Written by Christine Sampson
Students in the Port Jefferson school district this year will experience less benchmark testing – meaning the tests given at the beginning of the school year designed to measure kids’ knowledge on certain subjects that in most cases they have not yet formally learned in classes.
Port Jefferson superintendent Ken Bossert said at Tuesday’s school board meeting that the Port Jefferson school district has received new guidance from New York State education officials saying schools can rely on historical data from previous exams rather than giving kids new tests this September.
The pre-assessments, as they were also called, won’t be necessary this year to the degree they were used last year – something for which Bossert said the district is thankful. He said it will allow for more instructional time in the classroom and will reduce the amount of stress and anxiety that students experience.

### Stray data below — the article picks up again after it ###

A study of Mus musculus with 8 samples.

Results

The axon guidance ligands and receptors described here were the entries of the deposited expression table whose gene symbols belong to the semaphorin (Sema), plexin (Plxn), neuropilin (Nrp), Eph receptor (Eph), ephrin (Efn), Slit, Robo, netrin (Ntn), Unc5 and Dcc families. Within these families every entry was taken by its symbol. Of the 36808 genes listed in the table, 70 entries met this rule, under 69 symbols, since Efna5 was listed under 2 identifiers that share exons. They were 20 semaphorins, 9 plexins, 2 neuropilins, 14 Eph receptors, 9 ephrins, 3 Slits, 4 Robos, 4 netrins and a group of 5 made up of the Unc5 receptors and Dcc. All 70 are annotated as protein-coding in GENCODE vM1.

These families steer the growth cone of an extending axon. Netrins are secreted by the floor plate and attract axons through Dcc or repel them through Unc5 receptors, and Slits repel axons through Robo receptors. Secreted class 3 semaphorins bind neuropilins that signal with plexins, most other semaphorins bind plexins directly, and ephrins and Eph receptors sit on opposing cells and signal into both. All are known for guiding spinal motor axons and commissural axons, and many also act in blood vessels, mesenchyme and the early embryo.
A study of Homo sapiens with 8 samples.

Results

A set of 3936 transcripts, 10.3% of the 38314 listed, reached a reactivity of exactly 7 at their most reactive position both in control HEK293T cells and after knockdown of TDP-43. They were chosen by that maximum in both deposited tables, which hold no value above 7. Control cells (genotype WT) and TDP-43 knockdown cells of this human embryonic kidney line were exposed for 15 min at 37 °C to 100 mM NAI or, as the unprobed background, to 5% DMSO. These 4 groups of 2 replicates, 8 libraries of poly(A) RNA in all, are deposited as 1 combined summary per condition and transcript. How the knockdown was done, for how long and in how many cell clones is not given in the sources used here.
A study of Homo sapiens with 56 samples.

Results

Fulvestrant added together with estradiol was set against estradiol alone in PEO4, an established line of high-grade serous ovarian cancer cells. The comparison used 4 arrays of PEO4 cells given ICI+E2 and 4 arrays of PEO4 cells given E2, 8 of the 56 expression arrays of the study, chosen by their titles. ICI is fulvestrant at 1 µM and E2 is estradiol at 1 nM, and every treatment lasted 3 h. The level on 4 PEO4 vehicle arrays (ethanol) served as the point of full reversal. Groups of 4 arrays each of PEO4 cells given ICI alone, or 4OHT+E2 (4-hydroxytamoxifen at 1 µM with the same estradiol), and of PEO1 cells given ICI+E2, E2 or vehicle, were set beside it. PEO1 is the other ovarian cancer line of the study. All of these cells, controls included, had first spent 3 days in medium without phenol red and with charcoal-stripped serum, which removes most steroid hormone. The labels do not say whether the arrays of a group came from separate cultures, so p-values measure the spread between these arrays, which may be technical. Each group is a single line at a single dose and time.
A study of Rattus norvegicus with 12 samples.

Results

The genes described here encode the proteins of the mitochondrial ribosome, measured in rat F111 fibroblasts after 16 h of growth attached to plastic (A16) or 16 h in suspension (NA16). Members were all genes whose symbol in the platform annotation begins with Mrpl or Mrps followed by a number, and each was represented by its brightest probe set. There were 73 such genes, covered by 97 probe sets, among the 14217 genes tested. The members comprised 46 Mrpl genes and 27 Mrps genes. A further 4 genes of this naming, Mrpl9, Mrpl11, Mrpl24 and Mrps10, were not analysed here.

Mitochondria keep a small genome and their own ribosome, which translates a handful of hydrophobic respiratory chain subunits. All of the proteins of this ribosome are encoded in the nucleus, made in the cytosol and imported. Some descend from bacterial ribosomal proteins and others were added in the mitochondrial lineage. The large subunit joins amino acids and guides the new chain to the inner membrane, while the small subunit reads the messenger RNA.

“Teachers are obligated to set targets for improvement as part of setting student learning objectives. … Last year there was a lot of benchmark testing done in September so that teachers would have a benchmark to measure growth throughout the year,” Bossert said.
This year, he said, “Rather than testing students in September, we can use the scores that they achieved in the spring to measure growth. … Using historical data is far more preferable than giving children tests that they’re ill-prepared to take.Editor's note: This article has been corrected to convey there will be some benchmark testing this year, rather than no benchmark testing this year. Patch regrets the error.